Bittern

(c) Jamie Hall

Famed for its wetland birds including bitterns and marsh harriers, Potteric Carr has a network of paths enabling visitors to explore the mosaic of habitats and enjoy the stunning vistas. With excellent facilities including tearoom, shop, toilets and hides it really is a great place to visit.

Location

Mallard Way (nr junction 3 M18, south edge of Doncaster)
Doncaster
South Yorkshire
DN4 8DB

OS Map Reference

SE588005
A static map of Potteric Carr Nature Reserve

Know before you go

Size
200 hectares

Entry fee

Access to the visitor centre and café is free. Entry onto the reserve incurs a fee. Day ticket prices: Wildlife Trust members free; adult £4.50; family £11 (two adults and four children under 16); concession £3.50; child £3.00.

Parking information

Car park by the visitor centre, and a small overflow car park on the opposite side of the Mallard Way.

Grazing animals

Cattle and Hebridean sheep

Walking trails

Permissive footpaths and waymarked trails.

Access

All footpaths, except a few unsurfaced trails, are wheelchair and pushchair friendly.

Dogs

Guide dogs only

Facilities

Visitor centre
Bird hides
Toilets
Shop
Cafe/refreshments
Picnic area
Disabled toilet
Baby changing facilities
Wifi

When to visit

Opening times

Open 9am, last entry 5pm. The tearoom is open 7 days a week, 10am to 4pm, and food is served until 3pm. The café opens at 9am everyday - drinks and cake available till 3pm to 4pm.

Best time to visit

Year Round

About

Potteric Carr is an area of low-lying land to the south east of Doncaster which forms the floodplain of the River Torne. The site is fabulous for birdwatching with marsh and water birds being particularly numerous. Over 230 species of birds have been recorded and 102 species have bred, with over 65 species breeding each year. A major extension to the site was designed to enhance this and has already resulted in breeding marsh harriers and bitterns. Spring and autumn are exciting times as a wide range of migrant birds can arrive at any time.

Potteric Carr's marshes support a wide range of plants providing a spectacle of colour throughout the summer. Plants include greater and lesser spearwort, water soldier, water violet and Southern marsh orchid. The disused railway embankments, constructed from magnesian limestone, encourage plants such as common spotted and bee orchids and old man's beard, Britain's only wild clematis.

Great crested and palmate newts are present in some of the pools and toads are common. Mammals include water shrew, water vole, harvest mouse and roe deer. The nature reserve is excellent for insects and other invertebrates too, with impressive lists of moths, spiders, beetles, bugs and hoverflies. Purple hairstreak and brown argus are among the 28 species of butterfly to have been seen, with 21 species of dragonfly noted.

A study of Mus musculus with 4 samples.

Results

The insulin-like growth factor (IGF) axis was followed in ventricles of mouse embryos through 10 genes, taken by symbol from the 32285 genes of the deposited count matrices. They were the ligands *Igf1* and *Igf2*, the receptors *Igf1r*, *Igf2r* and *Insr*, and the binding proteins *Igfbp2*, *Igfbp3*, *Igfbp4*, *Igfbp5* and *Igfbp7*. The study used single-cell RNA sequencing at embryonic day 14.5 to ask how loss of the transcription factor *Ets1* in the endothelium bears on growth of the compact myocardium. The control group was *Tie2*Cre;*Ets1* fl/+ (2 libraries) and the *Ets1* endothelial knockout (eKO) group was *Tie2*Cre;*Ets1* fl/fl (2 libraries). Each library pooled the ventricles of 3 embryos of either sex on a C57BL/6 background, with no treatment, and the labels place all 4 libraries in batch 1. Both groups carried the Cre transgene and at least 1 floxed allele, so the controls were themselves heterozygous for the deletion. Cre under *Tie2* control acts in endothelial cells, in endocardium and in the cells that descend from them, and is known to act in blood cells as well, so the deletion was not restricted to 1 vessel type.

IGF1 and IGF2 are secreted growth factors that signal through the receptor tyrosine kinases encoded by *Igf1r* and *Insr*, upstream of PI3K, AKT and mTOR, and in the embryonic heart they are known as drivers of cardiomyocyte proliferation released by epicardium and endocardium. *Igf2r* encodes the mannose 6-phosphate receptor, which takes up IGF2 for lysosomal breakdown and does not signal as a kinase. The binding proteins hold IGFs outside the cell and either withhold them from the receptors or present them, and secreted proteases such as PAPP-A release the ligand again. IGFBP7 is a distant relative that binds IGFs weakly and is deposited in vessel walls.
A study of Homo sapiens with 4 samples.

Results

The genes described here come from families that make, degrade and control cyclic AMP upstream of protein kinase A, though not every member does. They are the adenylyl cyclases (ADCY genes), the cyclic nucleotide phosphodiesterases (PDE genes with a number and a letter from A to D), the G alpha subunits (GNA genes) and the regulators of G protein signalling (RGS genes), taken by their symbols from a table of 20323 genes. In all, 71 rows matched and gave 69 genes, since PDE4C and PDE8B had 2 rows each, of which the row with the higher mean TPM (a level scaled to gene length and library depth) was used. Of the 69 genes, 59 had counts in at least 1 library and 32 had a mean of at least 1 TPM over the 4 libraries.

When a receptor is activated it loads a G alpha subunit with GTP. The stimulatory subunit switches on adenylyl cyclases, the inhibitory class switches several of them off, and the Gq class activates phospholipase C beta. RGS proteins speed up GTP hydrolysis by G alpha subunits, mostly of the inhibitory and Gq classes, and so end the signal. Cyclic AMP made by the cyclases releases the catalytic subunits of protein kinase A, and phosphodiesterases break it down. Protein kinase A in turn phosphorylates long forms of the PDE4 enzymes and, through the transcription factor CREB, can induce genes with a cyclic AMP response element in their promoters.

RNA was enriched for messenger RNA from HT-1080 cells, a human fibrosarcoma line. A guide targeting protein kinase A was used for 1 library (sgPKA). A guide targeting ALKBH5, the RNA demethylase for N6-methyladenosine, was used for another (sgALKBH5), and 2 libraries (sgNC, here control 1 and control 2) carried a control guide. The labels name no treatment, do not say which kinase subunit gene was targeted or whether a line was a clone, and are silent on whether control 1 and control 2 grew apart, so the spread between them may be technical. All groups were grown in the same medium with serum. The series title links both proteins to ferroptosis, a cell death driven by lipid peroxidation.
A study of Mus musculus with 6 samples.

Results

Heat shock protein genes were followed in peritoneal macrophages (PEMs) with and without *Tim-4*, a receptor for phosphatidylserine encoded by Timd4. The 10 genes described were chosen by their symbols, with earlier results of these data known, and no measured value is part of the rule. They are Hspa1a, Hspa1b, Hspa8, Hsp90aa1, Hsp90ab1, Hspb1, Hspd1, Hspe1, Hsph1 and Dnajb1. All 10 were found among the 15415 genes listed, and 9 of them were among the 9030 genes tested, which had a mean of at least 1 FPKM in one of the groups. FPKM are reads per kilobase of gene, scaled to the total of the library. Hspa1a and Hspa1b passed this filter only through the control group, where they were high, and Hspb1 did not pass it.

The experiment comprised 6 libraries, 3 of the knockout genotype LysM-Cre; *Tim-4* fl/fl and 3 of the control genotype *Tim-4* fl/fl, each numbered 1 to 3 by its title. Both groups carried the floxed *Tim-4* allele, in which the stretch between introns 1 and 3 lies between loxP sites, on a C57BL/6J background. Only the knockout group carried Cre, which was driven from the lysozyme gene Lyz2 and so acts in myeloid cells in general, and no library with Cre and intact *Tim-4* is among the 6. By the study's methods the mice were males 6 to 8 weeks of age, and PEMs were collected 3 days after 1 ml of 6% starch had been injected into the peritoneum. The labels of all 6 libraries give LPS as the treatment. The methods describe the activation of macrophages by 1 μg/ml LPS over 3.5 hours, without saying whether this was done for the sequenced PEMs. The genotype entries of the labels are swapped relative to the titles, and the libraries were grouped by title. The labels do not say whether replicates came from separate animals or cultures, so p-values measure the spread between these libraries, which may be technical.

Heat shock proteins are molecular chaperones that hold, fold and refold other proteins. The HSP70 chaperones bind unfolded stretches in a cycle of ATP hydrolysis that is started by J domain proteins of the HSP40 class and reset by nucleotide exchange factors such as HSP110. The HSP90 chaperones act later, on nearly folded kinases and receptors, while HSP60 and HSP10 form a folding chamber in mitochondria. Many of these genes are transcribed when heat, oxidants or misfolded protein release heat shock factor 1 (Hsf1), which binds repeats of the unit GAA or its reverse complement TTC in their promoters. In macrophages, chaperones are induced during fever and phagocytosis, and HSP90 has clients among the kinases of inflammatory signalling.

Begin your journey at the Potteric Carr visitor centre. Find out more.

Seasonal highlights

  • Spring: Plants - Colt's foot; Birds - Black-necked grebe; Marsh harrier; Little ringed plover; Avocet
  • Summer: Plants - Purple loosestrife; Southern marsh orchid; Birds - Green sandpiper; Invertebrates - Banded demoiselle; Brown argus
  • Autumn: Birds - Little egret; Teal; Gadwell; Willow tit; Mammals - Roe Deer
  • Winter: Birds - Bittern

History

The mosaic of habitats we see today is largely due to management work by the Trust's staff and its hardworking volunteers. In the 16th Century the area was a small part of the Hatfield Royal Deer Chase but it eventually fell out of favour due to being continuously flooded. Over a period of 150 years various attempts were made at draining the area, the final successful attempt being in the 1760s. In the 1950s coal seams from Rossington Colliery penetrated under the area. Over the next 15 years, as subsidence occurred, the fen conditions returned together with the associated wildlife.

In 1968, a small area (13 ha) was declared a nature reserve by Yorkshire Wildlife Trust. Over time the area of the site was gradually increased by purchase or lease and, in 2005, was extended to 200 ha when a further 75 ha of former farmland was purchased and major developments took place to improve habitats and visitor facilities and create a new extensive marsh.

Directions

Public transport
Regular buses run from the Frenchgate Interchange in Doncaster to Lakeside and the White Rose Way. Alight by B&Q, opposite Onecall and cross the White Rose Way at the traffic lights. The nearest train station is Doncaster.

By car
Coming from Doncaster take the White Rose Way (A6182), at the roundabout follow the directions for the M18. Potteric Carr Nature Reserve is signposted. From the A1 (southbound) come off at Junction 35 for the M18, then take Junction 3 towards Doncaster and follow signs for the A6182 (White Rose Way). At the first set of lights you reach, turn right into Mallard Way. Park at the visitor centre car park.